Depression is more likely to strike in high-income countries than in poor ones, according to new research on depression rates across 18 countries worldwide.
The study, published July 25 in the open-access journal BMC Medicine, found that the average lifetime prevalence of major depression in the 10 high-income countries in the study was 14.6 percent. In the eight low- and middle-income countries, the lifetime prevalence of major depression was 11.1 percent.
Across countries, depression was linked to social factors such as age, marital status and income, though sometimes in complicated ways. In low-income and middle-income countries, for example, the average age of a first depressive episode was 24. In high-income countries, depression was likely to hit almost two years later, at 25.7.
The researchers speculate the wealthier countries experience more of the blues because richer countries also have more income inequality. In addition, depression may be a disease of the affluent, a phenomenon that isn't fully understood, they say. Figuring out the causes of depression around the world will help initiatives to combat the mental-health problem, which has been linked to Alzheimer's disease. In severe cases, depression can end in suicide, which leads to about 850,000 deaths per year, according to the World Health Organization (WHO).
World of sadness
Earlier studies had found variations in depression rates across countries, but this study was the first to assess depression with standardized surveys, making it less likely that differences in the way questions were asked account for the results.
As part of a WHO study, trained surveyors conducted face-to-face interviews with 89,037 people in 18 countries. The 10 high-income countries were: Belgium, France, Germany, Israel, Italy, Japan, the Netherlands, New Zealand, Spain and the United States. The eight middle- to low-income countries were: Brazil, Colombia, India, China, Lebanon, Mexico, South Africa and Ukraine. [Who's Happier: Europeans or Americans?]
The surveyors asked respondents questions about their major depression symptoms, including sadness and loss of interest in daily life, in order to diagnose the disorder. Respondents also answered questions about their age, income, marital status and other demographic data.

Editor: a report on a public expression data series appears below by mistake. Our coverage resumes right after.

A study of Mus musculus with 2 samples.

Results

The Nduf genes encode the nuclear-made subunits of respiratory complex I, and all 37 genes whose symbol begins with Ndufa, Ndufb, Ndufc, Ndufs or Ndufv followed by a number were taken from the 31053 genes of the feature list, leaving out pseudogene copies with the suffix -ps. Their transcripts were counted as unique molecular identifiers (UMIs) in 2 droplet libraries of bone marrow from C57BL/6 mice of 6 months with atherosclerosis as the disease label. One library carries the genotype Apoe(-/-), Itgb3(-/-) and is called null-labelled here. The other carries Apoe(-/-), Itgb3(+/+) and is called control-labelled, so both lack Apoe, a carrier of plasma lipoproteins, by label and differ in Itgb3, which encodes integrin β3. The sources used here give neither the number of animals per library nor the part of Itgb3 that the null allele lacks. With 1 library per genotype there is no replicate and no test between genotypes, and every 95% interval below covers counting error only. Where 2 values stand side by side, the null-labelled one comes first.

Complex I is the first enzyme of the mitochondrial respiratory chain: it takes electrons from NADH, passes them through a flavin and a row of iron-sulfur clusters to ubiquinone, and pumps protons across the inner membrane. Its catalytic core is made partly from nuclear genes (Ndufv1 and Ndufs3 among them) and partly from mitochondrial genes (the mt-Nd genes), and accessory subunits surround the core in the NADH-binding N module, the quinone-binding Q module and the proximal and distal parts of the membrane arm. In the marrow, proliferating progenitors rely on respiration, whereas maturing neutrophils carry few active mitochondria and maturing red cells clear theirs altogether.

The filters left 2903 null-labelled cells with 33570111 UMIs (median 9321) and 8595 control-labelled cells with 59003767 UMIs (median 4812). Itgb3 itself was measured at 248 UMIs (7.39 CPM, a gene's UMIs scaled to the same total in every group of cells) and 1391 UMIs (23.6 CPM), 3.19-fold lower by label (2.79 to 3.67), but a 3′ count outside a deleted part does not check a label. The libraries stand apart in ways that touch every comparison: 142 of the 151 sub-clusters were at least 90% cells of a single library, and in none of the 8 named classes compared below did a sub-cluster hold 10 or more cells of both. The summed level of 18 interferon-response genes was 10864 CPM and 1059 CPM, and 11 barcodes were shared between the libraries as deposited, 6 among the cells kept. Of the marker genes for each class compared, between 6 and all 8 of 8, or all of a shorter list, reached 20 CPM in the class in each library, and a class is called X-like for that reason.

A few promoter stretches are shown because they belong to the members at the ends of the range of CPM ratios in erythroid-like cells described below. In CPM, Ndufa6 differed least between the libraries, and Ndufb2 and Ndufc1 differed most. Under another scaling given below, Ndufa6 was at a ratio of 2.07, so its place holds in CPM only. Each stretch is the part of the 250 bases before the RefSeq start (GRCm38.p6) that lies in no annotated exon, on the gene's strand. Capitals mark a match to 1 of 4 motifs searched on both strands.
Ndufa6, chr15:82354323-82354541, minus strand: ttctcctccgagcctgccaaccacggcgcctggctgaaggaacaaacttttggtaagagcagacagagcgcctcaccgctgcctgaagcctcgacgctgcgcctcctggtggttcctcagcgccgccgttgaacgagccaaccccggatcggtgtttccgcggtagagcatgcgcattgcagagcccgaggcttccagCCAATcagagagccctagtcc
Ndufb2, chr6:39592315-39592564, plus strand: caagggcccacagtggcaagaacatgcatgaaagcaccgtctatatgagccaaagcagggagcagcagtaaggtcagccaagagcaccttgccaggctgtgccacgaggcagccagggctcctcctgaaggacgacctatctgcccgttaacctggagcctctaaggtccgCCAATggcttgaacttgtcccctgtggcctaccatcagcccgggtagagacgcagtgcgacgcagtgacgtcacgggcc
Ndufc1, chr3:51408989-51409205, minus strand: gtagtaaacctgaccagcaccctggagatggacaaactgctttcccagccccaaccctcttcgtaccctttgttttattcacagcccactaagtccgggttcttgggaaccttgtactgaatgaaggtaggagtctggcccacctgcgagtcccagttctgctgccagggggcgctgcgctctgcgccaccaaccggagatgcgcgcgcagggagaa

According to the study, here are the percentages of people who have experienced or will experience depression at some point in their lives:
- Japan: 6.6 percent
- Germany: 9.9 percent
- Italy: 9.9 percent
- Israel: 10.2 percent
- Spain: 10.6 percent
- Belgium: 14.1 percent
- New Zealand: 17.8 percent
- Netherlands: 17.9 percent
- United States: 19.2 percent
- France: 21 percent
Low- and middle-income:
- China: 6.5 percent
- Mexico: 8 percent
- India: 9 percent
- South Africa: 9.8 percent
- Lebanon: 10.9 percent
- Colombia: 13.3 percent
- Ukraine: 14.6 percent
- Brazil: 18.4 percent
Demographics of depression
Marital status was linked to depression in both low- and high-income countries, with people in high-income countries more likely to be depressed if they were separated or never married, and people in low-income countries more likely to be depressed if they were divorced or widowed. In France, Germany, New Zealand and the United States, the poorest respondents had double the risk of major depression compared with the richest respondents, but in middle- and low-income countries there was no link between individual income and depression.
Income inequality, which is larger in high-income countries, promotes a slew of chronic conditions, including depression, the researchers speculate.
One factor that held true across countries was the gender ratio of depression. No matter the nationality, women were twice as likely as men to have experienced depression.
The study had some weaknesses, including the fact that South Africa was the only African country included, the researchers wrote. Nonetheless, the research is important for understanding how depression affects people worldwide, study researcher Evelyn Bromet of the State University of New York at Stony Brook said in a statement.
"We have shown that depression is a significant public-health concern across all regions of the world and is strongly linked to social conditions," Bromet said. "Understanding the patterns and causes of depression can help global initiatives in reducing the impact of depression on individual lives and in reducing the burden to society."